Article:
Language and the Ethnic Divide in Pakistan

Since inception, Pakistan has faced issues in various ways. One of them is language. Pakistan has two official languages: Urdu and English. However, this has a severe problem attached to it.

Historically, When tensions with East Pakistan, modern day Bangladesh, were rising, one of the many reasons for conflict was the language issue. Now, at surface, it may seem that administrative differences led to escalation, however it can be argued that language might have sown the seeds of divide. When Jinnah was asked to include Bengali as one of the official languages of Pakistan, the request was denied. This might have well led into the Eastern wing believing they are being neglected. Eventually after severe conflicts, Bangladesh came into being in 1971.


Language carries with it an identity. Most ethnicities have their own language to communicate and represent their group. In Pakistan, these official languages are spoken by a certain amount of people and most, if not all documentation, is done in either Urdu or English. However, Pakistan is not as homogenous as it may seem. It is home to 4 provincial languages, Punjabi, Sindhi, Balochi and Pashto, as well as bordering languages, such as Brohi, Seraiki, or even Hindko. But these are only the ones that are relatively heard of; the country harbors well over 50 languages spoken. To think such a diverse country has language issues is ironic.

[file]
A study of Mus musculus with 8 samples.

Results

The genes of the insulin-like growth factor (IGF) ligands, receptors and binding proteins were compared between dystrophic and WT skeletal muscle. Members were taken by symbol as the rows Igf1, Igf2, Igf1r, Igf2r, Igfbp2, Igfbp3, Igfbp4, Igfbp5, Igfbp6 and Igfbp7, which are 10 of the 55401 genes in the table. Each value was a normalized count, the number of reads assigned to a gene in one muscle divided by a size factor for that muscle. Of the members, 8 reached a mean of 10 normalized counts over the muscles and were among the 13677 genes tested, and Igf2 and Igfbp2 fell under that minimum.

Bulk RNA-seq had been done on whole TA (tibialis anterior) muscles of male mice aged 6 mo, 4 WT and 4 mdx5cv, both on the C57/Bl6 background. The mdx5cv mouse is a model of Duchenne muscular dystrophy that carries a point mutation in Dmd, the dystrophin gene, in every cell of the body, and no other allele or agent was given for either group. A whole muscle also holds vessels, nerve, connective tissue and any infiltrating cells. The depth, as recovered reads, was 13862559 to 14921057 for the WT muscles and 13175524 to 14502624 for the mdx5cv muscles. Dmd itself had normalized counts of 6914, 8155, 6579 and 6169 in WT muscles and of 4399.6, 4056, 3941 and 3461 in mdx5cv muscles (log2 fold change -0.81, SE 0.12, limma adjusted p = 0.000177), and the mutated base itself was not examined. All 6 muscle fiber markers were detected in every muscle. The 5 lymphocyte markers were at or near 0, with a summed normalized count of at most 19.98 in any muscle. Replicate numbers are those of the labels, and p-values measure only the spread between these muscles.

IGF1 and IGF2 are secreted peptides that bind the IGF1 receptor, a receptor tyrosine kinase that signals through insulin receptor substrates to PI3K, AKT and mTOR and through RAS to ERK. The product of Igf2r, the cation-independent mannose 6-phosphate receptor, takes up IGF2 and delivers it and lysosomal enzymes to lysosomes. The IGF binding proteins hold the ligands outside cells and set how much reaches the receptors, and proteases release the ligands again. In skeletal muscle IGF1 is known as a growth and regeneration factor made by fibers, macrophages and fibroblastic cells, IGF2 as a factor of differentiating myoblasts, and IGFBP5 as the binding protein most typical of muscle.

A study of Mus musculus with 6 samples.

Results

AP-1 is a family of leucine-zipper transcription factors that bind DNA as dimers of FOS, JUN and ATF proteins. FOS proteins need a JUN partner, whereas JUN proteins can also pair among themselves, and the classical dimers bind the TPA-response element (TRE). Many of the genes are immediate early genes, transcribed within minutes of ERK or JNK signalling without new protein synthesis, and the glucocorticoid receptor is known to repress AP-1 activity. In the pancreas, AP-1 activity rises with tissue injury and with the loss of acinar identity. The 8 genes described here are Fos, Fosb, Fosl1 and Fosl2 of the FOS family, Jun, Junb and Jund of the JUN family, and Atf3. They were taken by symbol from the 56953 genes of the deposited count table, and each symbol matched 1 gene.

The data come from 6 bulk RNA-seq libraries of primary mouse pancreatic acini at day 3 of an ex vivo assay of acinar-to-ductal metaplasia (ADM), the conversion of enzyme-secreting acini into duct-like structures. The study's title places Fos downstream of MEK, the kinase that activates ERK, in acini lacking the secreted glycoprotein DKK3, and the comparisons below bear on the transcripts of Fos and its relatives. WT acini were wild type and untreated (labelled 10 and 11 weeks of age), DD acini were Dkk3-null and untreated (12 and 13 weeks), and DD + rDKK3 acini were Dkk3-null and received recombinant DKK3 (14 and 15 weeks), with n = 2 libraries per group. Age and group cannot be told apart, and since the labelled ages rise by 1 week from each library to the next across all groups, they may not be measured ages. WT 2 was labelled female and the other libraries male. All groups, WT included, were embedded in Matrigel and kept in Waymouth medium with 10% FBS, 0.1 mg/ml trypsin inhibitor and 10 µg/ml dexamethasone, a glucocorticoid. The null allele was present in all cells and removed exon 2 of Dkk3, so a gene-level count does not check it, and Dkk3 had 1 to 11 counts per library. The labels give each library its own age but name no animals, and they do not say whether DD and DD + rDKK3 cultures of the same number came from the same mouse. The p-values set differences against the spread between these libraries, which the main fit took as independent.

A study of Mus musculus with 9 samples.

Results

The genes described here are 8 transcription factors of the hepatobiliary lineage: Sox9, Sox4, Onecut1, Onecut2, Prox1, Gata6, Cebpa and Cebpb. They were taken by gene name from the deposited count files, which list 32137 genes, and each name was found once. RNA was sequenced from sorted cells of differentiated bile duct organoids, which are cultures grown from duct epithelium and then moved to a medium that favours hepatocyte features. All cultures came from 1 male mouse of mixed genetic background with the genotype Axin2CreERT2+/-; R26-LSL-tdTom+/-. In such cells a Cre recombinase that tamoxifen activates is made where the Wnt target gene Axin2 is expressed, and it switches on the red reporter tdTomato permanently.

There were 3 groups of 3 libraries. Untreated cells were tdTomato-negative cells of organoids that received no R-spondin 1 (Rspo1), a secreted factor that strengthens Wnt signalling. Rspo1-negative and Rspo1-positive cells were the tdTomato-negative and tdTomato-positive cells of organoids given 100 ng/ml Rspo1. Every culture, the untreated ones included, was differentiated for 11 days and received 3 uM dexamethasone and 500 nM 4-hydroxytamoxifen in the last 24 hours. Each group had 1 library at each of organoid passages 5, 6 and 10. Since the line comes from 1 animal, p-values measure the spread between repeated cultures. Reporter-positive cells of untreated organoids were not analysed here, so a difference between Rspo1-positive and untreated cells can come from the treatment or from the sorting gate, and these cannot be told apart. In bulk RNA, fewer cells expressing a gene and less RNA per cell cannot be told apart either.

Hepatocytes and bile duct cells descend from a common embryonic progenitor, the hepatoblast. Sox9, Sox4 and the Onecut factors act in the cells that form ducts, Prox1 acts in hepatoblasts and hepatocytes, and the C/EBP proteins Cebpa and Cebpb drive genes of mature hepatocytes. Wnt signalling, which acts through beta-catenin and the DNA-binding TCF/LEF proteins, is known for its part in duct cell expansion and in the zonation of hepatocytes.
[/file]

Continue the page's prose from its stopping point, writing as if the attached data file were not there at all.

The issue that occurs due to neglect of language is ethnic divide. Now, this may seem like a generalization, but this is true. Nevertheless, how does language lead to divide? The answer is not as simple, however I will explain it as much as possible.


One of the issues that arises from language is representation. If a certain ethnic group's language is disregarded, it leads to the impression that the group is being marginalized. Now, it is important to consider population size does not define marginalization; it occurs whenever a group is being targeted or ignored. When language is not factored, it results in a lack of political concern for an ethnicity, leading them to feel helpless.


Another issue that occurs is with education. Recently, Pakistan decided that a Single National Curriculum will be implemented, with the medium of instruction being the official languages. While it may seem like a beneficial, uniting move, it is in fact the opposite. What about children that cannot understand these languages? What happens to their education? Not only does this put other ethnic groups at a disadvantage, but it also forces them to learn another language, which may be difficult to do so.


However, there is hope. If teaching occurs in local, or even provincial languages with the option of studying in one of the official languages of Pakistan, perhaps it may lead to students gaining confidence in the system and learning to the best of their abilities. Presently, however, this is a tedious task that requires a lot of effort, and perhaps even then it may not be implemented completely. Lets see what the future holds.